Budget 2024

Budget Policy Statement

Budget goals and objectives

The Government's overarching goals for its term of office are to:

  • Build a stronger, more productive economy that lifts real incomes and increases opportunities for New Zealanders.
  • Deliver more efficient, effective and responsive public services to all who need and use them - in particular, to restore law and order and improve health outcomes and educational achievement.
  • Get the government's books back in order and restore discipline to public spending.

These objectives will guide the Government's Budget decisions. They are also the Government's wellbeing objectives, as meeting these objectives is the most important contribution the Government can make to the long-term social, economic, environmental and cultural wellbeing of New Zealanders.[1]

For Budget 2024, the Government has identified the following priorities:

  • Delivering meaningful tax reductions to provide cost of living relief to New Zealanders, who have seen no change in personal income tax rates and thresholds since 2010. Tax reductions will be funded by reprioritisation, savings and new revenue measures, and this package will not add to debt.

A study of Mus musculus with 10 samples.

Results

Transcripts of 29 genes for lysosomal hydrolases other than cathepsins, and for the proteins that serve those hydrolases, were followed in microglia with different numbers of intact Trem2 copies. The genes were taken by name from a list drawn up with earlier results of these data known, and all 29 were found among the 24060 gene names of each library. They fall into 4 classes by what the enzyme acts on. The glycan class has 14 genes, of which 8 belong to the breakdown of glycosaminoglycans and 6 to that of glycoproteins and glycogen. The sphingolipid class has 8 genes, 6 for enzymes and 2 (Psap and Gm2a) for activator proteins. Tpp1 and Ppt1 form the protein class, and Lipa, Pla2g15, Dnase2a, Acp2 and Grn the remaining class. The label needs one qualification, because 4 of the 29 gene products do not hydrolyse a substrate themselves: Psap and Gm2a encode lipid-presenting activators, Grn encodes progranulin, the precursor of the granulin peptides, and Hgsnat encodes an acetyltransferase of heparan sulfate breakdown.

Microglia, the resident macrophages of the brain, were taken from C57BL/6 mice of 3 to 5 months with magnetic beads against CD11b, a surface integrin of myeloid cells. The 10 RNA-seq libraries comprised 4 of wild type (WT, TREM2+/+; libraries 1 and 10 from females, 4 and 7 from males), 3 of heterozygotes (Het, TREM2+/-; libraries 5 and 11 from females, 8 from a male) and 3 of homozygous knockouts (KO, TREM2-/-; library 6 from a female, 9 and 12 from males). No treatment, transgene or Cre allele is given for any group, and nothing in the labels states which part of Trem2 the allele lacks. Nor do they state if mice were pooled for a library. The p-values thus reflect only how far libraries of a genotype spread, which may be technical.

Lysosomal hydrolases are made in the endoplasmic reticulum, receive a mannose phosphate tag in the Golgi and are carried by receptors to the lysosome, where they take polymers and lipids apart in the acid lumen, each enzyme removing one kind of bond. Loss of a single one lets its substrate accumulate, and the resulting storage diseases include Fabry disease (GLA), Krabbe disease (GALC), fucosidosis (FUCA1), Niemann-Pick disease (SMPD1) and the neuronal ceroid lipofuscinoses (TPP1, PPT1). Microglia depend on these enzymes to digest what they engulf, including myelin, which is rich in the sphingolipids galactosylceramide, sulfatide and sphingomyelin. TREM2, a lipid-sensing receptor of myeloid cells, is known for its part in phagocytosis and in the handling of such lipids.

• Identifying enduring savings across government departments and agencies.
  • Improving public services by shifting spending to higher-value areas and focusing on results.
  • Keeping tight control of government spending while funding a limited number of high-priority Government policy commitments and urgent cost pressures that cannot be funded through reprioritisation.
  • Developing a long-term, sustainable pipeline of infrastructure investments.

As the Government indicated in December last year, Budget 2024 will be challenging. The previous Government set a $3.5 billion operating allowance for Budget 2024 but pre‑committed around two-thirds of this allowance ahead of time.

The previous Government also left a number of initiatives with only time-limited, and expiring, funding. The extent of this time-limited funding is a major challenge for the Budget. For example, decisions were made in 2022 to provide additional funding for Pharmac to purchase new medicines and widen access to already funded medicines, but this funding stops on 30 June 2024. Making this and other initiatives time-limited made the future fiscal track look better but left any incoming government with difficult choices. Put together, the cost of pre-commitments and extending time-limited funding exceeds the previous Government's operating allowance for Budget 2024.


  1. [1] A 2020 amendment to the Public Finance Act requires the Government to state the wellbeing objectives that will guide its Budget decisions.